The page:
The Weaponization of Digital Technology


Emerging technologies have afforded us at-home Information Units that play our favorite songs, tablet computers to research different recipes and cooking tutorials, and watches that monitor our pulse and other health indicators, all at the same time.

Everyday gadgets such as these are able to send and receive data and are referred to as the “Internet of Things” or IoT. However, while these connected devices make our lives infinitely easier, there is a dark side to all this connectivity.

Technology Continues to be Weaponized

Like so many technology disruptors before it, the peaceful intentions of the internet have been warped and weaponized by actors with more nefarious intentions. The United States’ Office of Personnel Management (OPM) digital housed information relating to the background checks of government personnel. While computers and networks made storing and accessing the information easier, digitized storage also made the information “hackable.” In June 2015, OPM announced it had been hacked and the national security data breach resulted in 21.5 million stolen personnel records. 

Similarly, entertainment giants use technology to facilitate the creative and editing process, but movies and television shows stored digitally are alluring targets for hackers. In November 2014, hackers targeted Sony Pictures Entertainment and released upcoming movies. In July 2017, cyber criminals illegally penetrated HBO’s networks and released episodes of popular series ahead of schedule. 

Hacks and data breaches don’t just cause national security headaches or cost entertainment companies millions in reputation and advertisements. There are very real repercussions to compromising devices connected to the IoT. Cayla the doll, a seemingly innocent child’s toy, was banned in Germany after several vulnerabilities in the unsecure bluetooth allowed hackers to hear and talk to the child playing with it. Digitized storage poses a threat to the most vulnerable when not properly protected.

Social Media Users Beware

Social media platforms are heralded as the pinnacle of connectivity. Its where soldiers deployed in a combat zone can go to see images of their children being born  and where students studying abroad can see videos of their family pets fetching on demand in real time. But bad actors have found a way to weaponize social media – even engaging in hostile social manipulation or “the purposeful, systematic generation and dissemination of information to produce harmful social, political, and economic outcomes.”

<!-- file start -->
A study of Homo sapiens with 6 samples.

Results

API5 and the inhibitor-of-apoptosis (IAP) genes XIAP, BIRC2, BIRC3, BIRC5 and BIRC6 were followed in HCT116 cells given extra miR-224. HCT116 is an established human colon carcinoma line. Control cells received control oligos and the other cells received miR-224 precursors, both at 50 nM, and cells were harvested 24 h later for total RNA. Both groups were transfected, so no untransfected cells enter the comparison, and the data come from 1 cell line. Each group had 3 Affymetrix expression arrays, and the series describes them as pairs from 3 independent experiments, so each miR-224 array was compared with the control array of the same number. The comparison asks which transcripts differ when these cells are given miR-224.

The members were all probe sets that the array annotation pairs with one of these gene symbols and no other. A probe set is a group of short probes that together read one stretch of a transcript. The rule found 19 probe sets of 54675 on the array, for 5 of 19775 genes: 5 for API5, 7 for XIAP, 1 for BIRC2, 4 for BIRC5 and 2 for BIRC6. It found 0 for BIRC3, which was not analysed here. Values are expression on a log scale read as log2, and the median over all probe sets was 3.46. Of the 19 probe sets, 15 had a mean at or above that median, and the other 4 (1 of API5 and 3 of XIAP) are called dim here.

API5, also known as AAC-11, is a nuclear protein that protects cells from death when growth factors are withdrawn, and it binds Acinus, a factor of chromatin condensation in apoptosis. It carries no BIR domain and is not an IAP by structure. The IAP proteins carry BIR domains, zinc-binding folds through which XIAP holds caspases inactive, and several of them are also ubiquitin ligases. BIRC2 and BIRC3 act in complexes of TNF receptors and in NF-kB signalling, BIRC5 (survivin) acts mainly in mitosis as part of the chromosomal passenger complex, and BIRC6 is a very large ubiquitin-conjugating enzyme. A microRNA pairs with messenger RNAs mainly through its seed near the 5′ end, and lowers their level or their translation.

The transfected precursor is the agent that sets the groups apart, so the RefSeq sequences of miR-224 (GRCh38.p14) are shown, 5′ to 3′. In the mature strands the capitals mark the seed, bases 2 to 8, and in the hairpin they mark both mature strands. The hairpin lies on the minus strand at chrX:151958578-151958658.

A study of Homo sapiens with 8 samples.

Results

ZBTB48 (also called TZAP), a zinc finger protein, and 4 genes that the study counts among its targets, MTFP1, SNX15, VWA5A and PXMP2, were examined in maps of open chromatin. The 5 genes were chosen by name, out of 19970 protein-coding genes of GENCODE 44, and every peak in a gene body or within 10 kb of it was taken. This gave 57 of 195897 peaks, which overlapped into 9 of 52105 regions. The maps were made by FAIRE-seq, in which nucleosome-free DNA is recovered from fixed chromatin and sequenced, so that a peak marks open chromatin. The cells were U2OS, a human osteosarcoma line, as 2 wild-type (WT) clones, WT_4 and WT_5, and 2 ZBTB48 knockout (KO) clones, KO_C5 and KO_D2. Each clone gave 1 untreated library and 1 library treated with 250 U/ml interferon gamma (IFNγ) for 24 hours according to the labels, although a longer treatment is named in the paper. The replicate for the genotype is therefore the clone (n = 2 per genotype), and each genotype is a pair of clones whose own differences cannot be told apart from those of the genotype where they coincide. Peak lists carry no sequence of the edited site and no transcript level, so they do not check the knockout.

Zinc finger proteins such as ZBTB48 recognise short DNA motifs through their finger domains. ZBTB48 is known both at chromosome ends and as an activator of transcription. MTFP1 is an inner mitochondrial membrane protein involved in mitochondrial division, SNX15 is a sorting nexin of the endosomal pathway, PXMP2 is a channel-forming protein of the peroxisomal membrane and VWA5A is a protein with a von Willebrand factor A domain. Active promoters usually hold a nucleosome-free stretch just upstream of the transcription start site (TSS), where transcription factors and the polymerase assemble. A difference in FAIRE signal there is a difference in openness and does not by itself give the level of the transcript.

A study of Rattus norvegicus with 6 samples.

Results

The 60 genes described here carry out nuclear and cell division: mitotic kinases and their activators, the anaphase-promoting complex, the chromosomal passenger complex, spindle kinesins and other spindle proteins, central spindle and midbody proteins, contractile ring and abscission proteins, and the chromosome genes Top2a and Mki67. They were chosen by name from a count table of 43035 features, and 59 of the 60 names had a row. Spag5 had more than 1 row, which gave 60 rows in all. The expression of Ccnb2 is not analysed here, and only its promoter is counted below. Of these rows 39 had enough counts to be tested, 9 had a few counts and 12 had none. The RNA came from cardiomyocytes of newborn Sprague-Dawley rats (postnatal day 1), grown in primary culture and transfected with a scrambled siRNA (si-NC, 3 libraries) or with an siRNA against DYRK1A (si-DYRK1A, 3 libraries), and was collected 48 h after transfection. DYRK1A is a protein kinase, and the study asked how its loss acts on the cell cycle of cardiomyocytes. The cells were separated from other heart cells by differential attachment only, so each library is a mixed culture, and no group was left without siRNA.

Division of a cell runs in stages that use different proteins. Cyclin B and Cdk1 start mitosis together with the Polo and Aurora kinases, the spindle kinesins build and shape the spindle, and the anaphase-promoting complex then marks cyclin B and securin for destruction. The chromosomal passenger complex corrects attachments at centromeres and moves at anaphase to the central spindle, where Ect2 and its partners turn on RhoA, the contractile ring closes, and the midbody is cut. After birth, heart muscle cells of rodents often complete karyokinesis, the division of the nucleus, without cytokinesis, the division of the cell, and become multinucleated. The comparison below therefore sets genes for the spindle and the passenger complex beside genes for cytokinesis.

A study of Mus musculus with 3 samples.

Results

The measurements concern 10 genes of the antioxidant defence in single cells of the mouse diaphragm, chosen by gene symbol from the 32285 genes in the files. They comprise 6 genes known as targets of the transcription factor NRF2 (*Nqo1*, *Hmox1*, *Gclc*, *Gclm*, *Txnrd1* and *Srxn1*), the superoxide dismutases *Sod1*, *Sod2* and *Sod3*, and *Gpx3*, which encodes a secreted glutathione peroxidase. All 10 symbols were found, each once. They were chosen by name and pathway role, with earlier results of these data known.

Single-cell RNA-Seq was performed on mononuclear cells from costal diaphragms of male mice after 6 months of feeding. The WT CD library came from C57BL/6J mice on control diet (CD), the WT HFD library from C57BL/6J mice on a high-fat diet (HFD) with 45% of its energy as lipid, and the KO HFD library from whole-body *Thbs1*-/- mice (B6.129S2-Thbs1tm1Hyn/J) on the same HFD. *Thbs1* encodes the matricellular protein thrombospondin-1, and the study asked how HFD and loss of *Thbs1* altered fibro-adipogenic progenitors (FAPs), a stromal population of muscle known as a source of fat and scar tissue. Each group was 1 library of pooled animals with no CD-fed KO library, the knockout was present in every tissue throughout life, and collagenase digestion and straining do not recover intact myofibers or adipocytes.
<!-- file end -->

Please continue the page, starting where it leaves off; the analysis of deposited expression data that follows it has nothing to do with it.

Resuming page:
In 2015, the Russian government-linked Internet Research Agency flooded social media channels with fake reports of a chemical plant explosion in Louisiana. The Colombia Chemical Hoax was eventually traced back to a Russian troll farm, but not before the false reports created widespread panic.

Similarly, nearly everyone has interacted with website based “chat bots.” These “bots” use artificial intelligence to guide a customer to the appropriate part of a website or triage inquiries to the appropriate help desk representative. Now, imagine a not too distant future where the features and machine learning of these  improved “chat bots” can be weaponized on social media targeting different celebrities, government officials, and even every day citizens with weaponized targeting and high-level cyberbullying campaigns. 

Corruption of Algorithms

In our current information-centric and data-driven society, algorithms and machine learning are used across industry verticals. They are used for hiring and recruiting, monitoring and predicting consumer behavior, and are even used to provide care options to doctors about our personal health. 

Consider the impact of manipulating algorithms used to automatically reorder food in grocery stores and distribution centers. If these formulas are altered, they could potentially artificially increase the demand of household goods, driving the price down and creating a surplus. This would interfere with the stability of a countries interconnected economy. The economic damage caused by interfering with the global oil market could have drastic consequences. 

Technology and advancements undoubtedly make our lives easier, but it is a double edged sword that can be used to wreak havoc and cause immeasurable damage.